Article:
For many people in Washington, DC, breathing does not come easy. In fact, more DC residents report being diagnosed with asthma than U.S. residents overall, according to the city’s Department of Health. Asthma rates in the DC are especially high in Wards 7 and 8, which are home to some of the District’s poorest residents.
These facts did not sit well with McCourt School of Public Policy students Lina Stolyar (MPP ‘20) and Emilia Calma (MPP ‘20) who wanted to figure out a solution to help ease the burden of this chronic disease among District residents, especially among kids. “We did not think that we could change the rates of chronic asthma in DC,” Calma says. “We wanted to find a way to deliver preventative long-term care that could reduce the number of acute attacks that often force children to go to the emergency room.”
After a lot of research, the pair discovered an asthma clinic run by Children’s National Health Center in DC, known as IMPACT DC. When they spoke with the Center, they learned that only 50 percent of the people who get referred show up to the clinic to get long-term care plans. Stolyar and Calma wanted to know why.
After more research, the pair discovered that for many DC residents it can be hard to take time off work to visit the IMPACT DC, which is also located in an area of the city that is difficult to get to from Wards 7 and 8. Calma and Stolyar developed a solution called Breathe Easy. Breathe Easy equips community health workers to facilitate home visits, identify environmental triggers that can exacerbate asthma symptoms, and provide families with resources and long-term managed care plans.
“Emilia and Lina’s Breathe Easy project is one of the most impressive and comprehensive programs I have seen to address childhood asthma morbidity in the District of Columbia,” says Ankoor Shah, Impact DC’s medical director, who is currently working to integrate Breathe Easy into the clinic’s model of care. “By utilizing community health workers, this program delivers family-centered and placed-based care and addresses the housing social determinant of health.”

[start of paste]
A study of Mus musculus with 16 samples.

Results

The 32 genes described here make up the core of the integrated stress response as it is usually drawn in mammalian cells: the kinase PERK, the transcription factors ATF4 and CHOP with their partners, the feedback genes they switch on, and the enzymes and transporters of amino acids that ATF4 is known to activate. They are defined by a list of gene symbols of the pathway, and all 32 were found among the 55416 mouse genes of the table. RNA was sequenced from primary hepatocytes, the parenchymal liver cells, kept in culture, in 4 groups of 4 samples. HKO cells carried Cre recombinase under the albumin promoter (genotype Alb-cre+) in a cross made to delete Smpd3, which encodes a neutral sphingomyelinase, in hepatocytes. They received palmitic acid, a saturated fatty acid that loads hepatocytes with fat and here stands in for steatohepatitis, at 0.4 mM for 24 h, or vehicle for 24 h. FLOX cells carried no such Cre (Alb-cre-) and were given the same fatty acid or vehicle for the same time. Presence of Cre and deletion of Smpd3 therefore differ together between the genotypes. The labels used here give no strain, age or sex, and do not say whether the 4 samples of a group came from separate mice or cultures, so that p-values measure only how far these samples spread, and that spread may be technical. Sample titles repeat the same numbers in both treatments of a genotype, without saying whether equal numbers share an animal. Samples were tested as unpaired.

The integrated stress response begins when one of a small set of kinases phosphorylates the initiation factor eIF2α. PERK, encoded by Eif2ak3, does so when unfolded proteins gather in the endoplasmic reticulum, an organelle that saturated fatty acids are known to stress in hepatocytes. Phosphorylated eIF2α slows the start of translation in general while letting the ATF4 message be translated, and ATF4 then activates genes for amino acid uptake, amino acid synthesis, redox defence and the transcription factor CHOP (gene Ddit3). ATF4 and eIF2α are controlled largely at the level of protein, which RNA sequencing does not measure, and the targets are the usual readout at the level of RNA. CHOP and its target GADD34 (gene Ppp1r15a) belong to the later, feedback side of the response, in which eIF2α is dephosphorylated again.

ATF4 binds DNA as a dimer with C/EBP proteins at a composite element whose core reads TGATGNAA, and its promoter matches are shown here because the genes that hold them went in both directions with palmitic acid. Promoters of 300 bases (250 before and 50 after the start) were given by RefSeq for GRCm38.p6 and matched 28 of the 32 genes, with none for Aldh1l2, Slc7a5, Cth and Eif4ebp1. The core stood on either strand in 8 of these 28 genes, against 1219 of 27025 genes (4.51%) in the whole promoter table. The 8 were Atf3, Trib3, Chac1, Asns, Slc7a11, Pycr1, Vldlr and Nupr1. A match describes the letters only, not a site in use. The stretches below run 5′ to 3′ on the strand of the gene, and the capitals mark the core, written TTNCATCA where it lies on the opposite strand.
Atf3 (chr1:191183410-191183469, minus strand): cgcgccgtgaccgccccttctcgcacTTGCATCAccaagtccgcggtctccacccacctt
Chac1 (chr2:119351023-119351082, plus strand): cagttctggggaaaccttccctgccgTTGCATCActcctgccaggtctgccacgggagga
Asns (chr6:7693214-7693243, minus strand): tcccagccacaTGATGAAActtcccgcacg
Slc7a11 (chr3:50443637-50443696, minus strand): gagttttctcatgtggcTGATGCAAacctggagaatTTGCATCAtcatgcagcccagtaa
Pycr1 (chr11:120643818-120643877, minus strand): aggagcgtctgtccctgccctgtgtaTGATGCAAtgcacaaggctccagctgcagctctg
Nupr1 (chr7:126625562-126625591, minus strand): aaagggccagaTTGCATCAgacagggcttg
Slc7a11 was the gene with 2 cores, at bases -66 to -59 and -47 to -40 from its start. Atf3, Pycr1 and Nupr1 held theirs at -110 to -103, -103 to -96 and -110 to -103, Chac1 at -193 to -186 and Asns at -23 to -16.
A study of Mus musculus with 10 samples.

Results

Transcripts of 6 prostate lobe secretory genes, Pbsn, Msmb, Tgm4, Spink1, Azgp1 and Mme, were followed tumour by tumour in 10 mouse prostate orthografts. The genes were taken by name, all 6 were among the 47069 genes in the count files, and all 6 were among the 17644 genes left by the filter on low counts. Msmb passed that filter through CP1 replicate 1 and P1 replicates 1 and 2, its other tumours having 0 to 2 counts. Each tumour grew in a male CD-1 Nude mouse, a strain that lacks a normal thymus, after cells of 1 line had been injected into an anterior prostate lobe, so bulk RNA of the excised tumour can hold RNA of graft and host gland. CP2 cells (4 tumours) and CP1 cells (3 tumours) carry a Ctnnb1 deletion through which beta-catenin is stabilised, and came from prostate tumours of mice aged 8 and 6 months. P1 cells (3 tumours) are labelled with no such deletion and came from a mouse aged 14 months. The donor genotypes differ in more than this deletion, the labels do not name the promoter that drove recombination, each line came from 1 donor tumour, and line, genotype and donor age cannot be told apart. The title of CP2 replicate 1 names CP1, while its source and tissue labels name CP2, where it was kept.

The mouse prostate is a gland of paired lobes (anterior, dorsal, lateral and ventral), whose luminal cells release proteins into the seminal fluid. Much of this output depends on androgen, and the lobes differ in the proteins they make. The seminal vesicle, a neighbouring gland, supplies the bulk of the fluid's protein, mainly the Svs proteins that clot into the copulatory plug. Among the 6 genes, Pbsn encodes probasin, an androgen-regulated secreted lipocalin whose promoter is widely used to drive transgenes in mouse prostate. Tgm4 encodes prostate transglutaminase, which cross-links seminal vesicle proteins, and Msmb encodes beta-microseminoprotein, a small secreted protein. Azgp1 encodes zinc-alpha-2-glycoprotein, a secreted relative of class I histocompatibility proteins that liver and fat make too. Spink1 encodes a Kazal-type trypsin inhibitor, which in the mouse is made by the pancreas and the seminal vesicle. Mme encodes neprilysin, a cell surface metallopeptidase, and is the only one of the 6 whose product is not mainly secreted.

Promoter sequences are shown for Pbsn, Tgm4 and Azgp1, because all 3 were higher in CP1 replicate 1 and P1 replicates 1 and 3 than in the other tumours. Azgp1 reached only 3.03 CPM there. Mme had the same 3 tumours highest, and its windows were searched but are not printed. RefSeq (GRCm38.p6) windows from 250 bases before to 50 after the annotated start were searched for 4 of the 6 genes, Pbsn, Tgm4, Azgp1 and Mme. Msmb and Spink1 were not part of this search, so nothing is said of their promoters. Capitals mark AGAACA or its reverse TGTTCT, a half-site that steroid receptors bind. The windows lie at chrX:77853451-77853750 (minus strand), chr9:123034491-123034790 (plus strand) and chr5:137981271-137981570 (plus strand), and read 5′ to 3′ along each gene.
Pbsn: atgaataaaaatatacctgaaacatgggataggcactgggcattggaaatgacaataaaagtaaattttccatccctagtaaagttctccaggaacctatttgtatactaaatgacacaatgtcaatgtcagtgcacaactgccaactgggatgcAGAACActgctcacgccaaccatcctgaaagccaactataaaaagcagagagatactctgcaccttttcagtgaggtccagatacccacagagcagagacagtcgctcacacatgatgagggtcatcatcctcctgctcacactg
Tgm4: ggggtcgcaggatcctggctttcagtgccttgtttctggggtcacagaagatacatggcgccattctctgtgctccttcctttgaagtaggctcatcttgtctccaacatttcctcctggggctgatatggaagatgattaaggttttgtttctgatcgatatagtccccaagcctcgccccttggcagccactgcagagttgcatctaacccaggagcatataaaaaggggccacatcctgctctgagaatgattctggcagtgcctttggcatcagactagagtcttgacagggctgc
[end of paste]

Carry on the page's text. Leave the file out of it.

An Award-Winning Approach
To develop their project, Calma and Stolyar used a human-centered design approach starting with the population they wanted to serve and researching its specific needs and constraints in order to tailor a solution, as opposed to molding a solution to the population.
Their approach has been impactful and it has earned them first place in the 2019 Georgetown Public Policy Challenge. The Public Policy Challenge provides students an opportunity to develop a policy proposal and civic campaign plan aimed at achieving significant change in their communities. Modeled after MBA business plan competitions, the challenge is sponsored by The McCourt School of Public Policy and the Baker Trust for Transformational Learning.
Winning the competition “really reinforced the idea of making sure you know your population so that the policy proposed can best serve them,” says Stolyar, who, along with Calma, plans to continue working to develop policies in the area of health equity after graduating in May.
Both say that the experience of developing Breathe Easy also helped them realize that a policy does not have to be implemented on a large scale to be effective. “Our policy is simple and implementable—done at a community level—and can have a big impact,” Stolyar says.